Nairn’s London #12, #17, #16

Nairn’s London #12
The Gun, Coldharbour

THEN: You will know a bit about East End topography by the time you find this one. Coldharbour is a tiny loop road off Preston’s Road, which is the eastern entry to the Isle of Dogs, and the Gun is at the southern end of it. Good hunting. It is a good friendly dockland pub that has neither been irreparably spoilt by the brewers nor irreparably taken up. The special thing, unsuspected from inside, is at the back – through the Saloon in summer, down the passage past the Ladies and Gents in winter. For the Gun is a riverside pub, and the particular bit of the riverside is the sharpest part of the curve around Blackwell Point. Nowhere is the muddy horizontal excitement of the Thames more urgent than here, framed in a tiny terrace, the curvature making sure that the maximum amount of swift-running water stays in the view.

NOW: Every bit the good friendly dockland pub of Nairn’s day. Some miracle, because its now run by a big brewery: Fullers. Its still a great bolthole, but with Canary Wharf a stones throw away, the city boys have moved in. There’s even a shuttle service that runs between the pub and the offices. The Thames view is still as urgent, as violent, but the O2 (or the millennium dome, depending on your age) now sits proudly across the way, waving from the other side.

St Michael, Poplar Walk

THEN: Perfection is rare anywhere and perfection due to a reasoned balance rather than an inspired leap is maybe rarer still. So North Croydon is worth a visit if you don’t look at any other buildings for the rest of the year. J. L. Pearson in his later buildings had the rare gift of being able to take the hackneyed theme of a late-thirteenth-century church and restate its essence exactly, with complete natural sweetness. That a hundred people had tried before and failed makes no difference; any achievement as good as this is beyond relative values. Perhaps the best of all his churches: red brick outside, pale yellow brick inside, apsed and vaulted, burning with a completely stead, cool flame. Off the south transept, Person built a chapel, a church within a church, with a complete octagon of columns – a devotional toy. Stand inside the octagon, and look out: every relationship between the multitude of arches, vaults, shafts and mouldings is completely harmonious. It is a Gothic cathedral, re-created without magic by the century which discovered evolution.

NOW: Easy to find but hard to see – it took two weekend trips to Croydon and several hours of waiting before its doors opened for me to look inside. Even then, I had to hurriedly survey it to avoid the beginning of mass. Outside, from the east, its a dead ringer for Hogwarts. On the inside, it’s a space built to inspire. Grand but not imposing, cool but not cold. If you’re along this way and you find the doors open, be sure to pop your head inside.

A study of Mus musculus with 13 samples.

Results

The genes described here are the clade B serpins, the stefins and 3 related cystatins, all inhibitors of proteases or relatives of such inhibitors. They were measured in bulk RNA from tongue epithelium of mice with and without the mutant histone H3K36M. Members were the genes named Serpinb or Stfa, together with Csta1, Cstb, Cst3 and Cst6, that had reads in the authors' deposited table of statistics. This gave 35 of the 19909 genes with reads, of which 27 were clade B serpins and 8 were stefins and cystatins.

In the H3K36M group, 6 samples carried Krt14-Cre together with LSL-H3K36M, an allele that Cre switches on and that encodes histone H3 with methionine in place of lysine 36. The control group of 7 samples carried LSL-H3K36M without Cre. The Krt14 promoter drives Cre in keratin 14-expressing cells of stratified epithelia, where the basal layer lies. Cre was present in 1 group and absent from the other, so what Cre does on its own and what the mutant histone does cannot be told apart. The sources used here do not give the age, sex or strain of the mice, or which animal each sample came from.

Dulwich Art Gallery

THEN: One of Soane’s most original, least satisfying designs. For once, the miraculous inventiveness is not connected up to an emotional purpose. It remains an intellectual solution, a beautifully played game of chess. It was severely damaged in 1944, and the restoration, though exact, is oddly unsympathetic. It emphasised the aloof man-hating part of Soane which was dominant in the design anyway. So Dulwich is a great curiosity, not a masterpiece. The collection is completely conventional but of high quality: the kind of selection that would appear in any big country house but without the same distressing proportion of duds. And occasionally amongst the talent there is a real masterpiece like Watteau’s Fête Champêtre, where the familiar portentous melancholy is screwed up to an unexpected pitch by flecks and gleams of light on the grey dress of the central figure.

NOW: Immaculately preserved, its probably in better nick today than it was in the sixties. On approach, the building does little to warm your cockles. But the gardens are lush, and there’s a busy cafe to the right of the gate. Inside, the space lacks character, forcing full attention upon the collection itself. I searched for Watteau’s Fête Champêtre, but I’ve a feeling they’ve sold it. No matter, there are plenty of other old masters here and its well worth an afternoon.